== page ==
18 April 2017

Now That You Mention It

I recently read that the Eastern Redbud (Cercis canadensis) is a legume like beans and peas -- it manufactures it own nitrogen, adding it to the soil. Well, it actually uses its nitrogen-producing bacteria in the root zone that provide a beneficial relationship with the plants.

This is my second redbud. I wrote about my first one, a Chinese Redbud [posted 02.05.2014]. It grew from seed I received from the National Arboretum -- all volunteers received some. After fifteen years, never becoming large or blooming, it bit the dust.

The second was a single shoot seedling about a foot tall (30 cm) that I purchased from a local botanical garden plant sale from a local "native plant" group. I thought the Eastern US redbud would grow better than the non-native, and it did. After two years, it was 7 feet tall (2 m), but still produced no blooms in spring. After a 17 year wait, a redbud is finally blooming in my yard. Although flowers are found on old wood and are sparse, being such a young tree, any blooms are welcome after the long wait.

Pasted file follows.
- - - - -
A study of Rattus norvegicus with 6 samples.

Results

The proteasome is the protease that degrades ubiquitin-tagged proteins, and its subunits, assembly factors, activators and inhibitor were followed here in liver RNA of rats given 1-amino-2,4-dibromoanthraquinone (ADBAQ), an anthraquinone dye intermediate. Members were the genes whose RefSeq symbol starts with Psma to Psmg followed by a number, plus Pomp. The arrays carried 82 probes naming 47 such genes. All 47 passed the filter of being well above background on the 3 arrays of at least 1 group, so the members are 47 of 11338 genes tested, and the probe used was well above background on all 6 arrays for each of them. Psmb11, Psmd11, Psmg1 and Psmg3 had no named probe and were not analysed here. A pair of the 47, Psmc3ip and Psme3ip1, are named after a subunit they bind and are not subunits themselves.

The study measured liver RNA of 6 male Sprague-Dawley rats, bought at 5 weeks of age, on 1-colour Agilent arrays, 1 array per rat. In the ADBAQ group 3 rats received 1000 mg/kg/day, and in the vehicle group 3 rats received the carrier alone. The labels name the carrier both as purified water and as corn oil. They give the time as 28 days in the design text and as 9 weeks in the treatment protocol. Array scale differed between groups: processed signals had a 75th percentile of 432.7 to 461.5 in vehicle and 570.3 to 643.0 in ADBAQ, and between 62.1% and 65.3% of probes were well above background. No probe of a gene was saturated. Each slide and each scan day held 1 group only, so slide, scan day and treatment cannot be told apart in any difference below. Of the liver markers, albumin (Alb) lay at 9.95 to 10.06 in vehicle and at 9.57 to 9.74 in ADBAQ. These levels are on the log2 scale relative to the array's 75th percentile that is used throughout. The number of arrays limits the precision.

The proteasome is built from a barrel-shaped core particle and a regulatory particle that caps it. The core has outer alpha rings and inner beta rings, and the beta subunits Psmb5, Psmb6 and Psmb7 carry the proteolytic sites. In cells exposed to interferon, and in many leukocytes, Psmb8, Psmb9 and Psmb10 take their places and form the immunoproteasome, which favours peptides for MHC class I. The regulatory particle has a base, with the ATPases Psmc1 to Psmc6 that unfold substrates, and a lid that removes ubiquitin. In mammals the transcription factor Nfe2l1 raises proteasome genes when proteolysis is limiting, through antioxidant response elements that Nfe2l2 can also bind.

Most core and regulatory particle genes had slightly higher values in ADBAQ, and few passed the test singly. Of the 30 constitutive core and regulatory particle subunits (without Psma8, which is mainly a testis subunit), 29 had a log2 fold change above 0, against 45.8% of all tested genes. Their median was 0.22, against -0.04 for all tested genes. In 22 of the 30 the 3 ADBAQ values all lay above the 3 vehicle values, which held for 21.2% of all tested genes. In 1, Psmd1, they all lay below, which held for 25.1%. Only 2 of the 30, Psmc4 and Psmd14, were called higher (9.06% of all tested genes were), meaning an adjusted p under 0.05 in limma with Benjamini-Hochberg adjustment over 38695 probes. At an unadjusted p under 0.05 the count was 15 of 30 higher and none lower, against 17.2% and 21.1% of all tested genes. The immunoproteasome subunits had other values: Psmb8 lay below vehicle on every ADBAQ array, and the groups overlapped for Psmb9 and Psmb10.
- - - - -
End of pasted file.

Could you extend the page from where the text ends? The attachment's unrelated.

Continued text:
Beans, peas, lentils, clover, and peanuts are what come to mind when we talk of legumes. I just learned that the redbud goes on that list. But now that you mention it, redbuds do have some common characteristics of well-know legumes. Look are the leaves. The heart-shape looks very much like those of a bean plant. Look at the flowers closely. Don't the shapes look like blooms from peas, beans, or sweet peas? And the native redbud produces seed pods not unlike those of a string bean or pea.

For The Record:
  • Damp heavy clay soil with several years of rganic amendments -
    bottom of a slope
  • Light shade understory with partial sun
  • No fertilizer
  • No serious pests/disease yet


Garden Calendar:
  • Blooming: woodland phlox, ajuga, anemone, azalea, spirea, dogwood,
    virburnum, columbine, redbud

1 comments:

sweetbay said...
You did wait a long time for redbud blooms! I've gotten several little stick seedlings from the National Arbor Day Foundation (for being a member) and planted them after letting them grow up in a pot for a year. One if them is over 10 feet tall now. I hope yours continues to grow and thrive and you see many more redbud flowers.